Truly the scriptures have been sufficient on how we are to observe the Lord’s Supper. But the Lord also provides us with the divine, reference and representation of that one cup. Both Luke the physician (Colossians 4:14) and Paul the apostle recorded the perfect Word (John 1:1-4) when He gives the cup to the disciples and says “This cup is the new testament in my blood” (Luke 22:20; 1 Corinthians 11:25).
Please consider, however, that in Luke 22:19-20 and 1 Corinthians 11:23-25, Christ evokes three items of remembrance in His communion – His “body,” His “blood” and His “new testament.” Each of the things should be present at the Lord’s Supper.
Notice that the scripture does not say this cup is my blood, but rather “this cup is the new testament in my blood.” It was Christ’s blood that authorized (sealed) the new testament, and it removes sins of a penitent, baptized believer.
In describing the Lord’s communion, Luke and Paul (Acts 22:3) were the formally educated disciples in the new testament and emphasized the cup or the drinking vessel containing fruit of the vine (both are explicit), while Matthew and Mark emphasize the fruit of the vine in the cup.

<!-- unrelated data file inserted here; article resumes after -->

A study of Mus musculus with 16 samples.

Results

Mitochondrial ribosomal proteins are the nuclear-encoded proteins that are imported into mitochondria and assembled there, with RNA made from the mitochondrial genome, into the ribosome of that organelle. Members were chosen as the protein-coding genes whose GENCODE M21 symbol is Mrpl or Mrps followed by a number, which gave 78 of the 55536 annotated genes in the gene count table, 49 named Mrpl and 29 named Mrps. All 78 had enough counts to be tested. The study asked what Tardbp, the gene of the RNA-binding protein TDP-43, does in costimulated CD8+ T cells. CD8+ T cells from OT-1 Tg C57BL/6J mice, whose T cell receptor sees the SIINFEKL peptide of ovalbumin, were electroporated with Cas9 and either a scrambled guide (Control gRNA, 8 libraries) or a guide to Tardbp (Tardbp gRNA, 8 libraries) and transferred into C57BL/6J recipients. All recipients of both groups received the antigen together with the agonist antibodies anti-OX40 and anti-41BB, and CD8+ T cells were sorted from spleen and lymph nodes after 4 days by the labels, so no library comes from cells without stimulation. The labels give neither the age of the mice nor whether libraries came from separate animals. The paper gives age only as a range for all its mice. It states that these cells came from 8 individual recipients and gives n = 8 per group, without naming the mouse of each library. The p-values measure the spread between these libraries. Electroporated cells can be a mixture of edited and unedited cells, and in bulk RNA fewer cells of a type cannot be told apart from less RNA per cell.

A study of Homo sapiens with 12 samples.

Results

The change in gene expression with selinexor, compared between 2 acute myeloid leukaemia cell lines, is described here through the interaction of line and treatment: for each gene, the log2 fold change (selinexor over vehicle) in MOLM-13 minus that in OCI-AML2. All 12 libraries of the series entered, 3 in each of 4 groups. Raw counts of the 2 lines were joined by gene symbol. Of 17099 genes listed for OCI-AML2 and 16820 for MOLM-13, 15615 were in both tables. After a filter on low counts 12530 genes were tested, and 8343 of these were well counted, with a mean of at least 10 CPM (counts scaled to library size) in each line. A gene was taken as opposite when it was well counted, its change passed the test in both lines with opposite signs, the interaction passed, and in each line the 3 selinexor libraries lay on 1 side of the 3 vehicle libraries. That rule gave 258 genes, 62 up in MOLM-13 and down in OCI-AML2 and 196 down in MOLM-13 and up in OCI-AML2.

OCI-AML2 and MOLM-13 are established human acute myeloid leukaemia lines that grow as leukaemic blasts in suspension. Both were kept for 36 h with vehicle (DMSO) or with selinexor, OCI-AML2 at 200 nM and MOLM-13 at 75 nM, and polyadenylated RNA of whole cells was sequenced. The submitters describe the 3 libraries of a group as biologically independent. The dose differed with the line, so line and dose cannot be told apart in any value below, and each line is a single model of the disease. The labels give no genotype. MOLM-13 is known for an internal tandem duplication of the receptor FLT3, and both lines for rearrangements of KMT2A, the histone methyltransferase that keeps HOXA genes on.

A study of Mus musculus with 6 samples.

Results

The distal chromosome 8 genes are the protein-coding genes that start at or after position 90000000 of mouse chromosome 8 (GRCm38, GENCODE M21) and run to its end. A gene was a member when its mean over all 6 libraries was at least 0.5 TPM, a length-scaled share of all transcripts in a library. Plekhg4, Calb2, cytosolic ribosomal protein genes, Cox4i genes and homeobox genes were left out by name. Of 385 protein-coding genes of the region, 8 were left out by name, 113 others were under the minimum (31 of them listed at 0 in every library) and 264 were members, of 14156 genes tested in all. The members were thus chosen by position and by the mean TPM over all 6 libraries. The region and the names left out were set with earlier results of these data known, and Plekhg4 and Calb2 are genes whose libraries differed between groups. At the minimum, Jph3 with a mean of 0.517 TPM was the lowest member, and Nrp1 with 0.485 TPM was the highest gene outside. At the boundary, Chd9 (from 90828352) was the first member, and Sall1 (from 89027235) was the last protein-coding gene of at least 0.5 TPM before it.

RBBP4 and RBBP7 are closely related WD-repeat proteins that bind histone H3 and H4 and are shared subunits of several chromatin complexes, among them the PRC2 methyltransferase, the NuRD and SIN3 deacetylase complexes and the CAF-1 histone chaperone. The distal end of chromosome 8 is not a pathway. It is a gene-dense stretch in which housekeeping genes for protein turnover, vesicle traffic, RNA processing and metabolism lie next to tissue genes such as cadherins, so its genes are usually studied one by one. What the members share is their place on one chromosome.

In the Lord’s communion the fruit of the vine recalls the Christian’s remembrance to the blood of Christ that was shed for our sins; while the cup (containing fruit of the vine) evokes to Christian’s celebration to that one blood-sealed covenant of Christ.
The new testament was brought from heaven and sealed with Christ’s blood. Both cup and fruit of the vine are literal, not figurative. And together the cup and fruit of the vine symbolize the Lord’s blood and His one blood-sealed covenant.
There is one covenant between God and mankind and that one cup of the fruit of the vine on the Lord’s table symbolizes, to Christians, the covenant authorized by His blood.
In our search, did you notice that the Holy Spirit always referred to one loaf and one cup of unleavened fruit of the vine?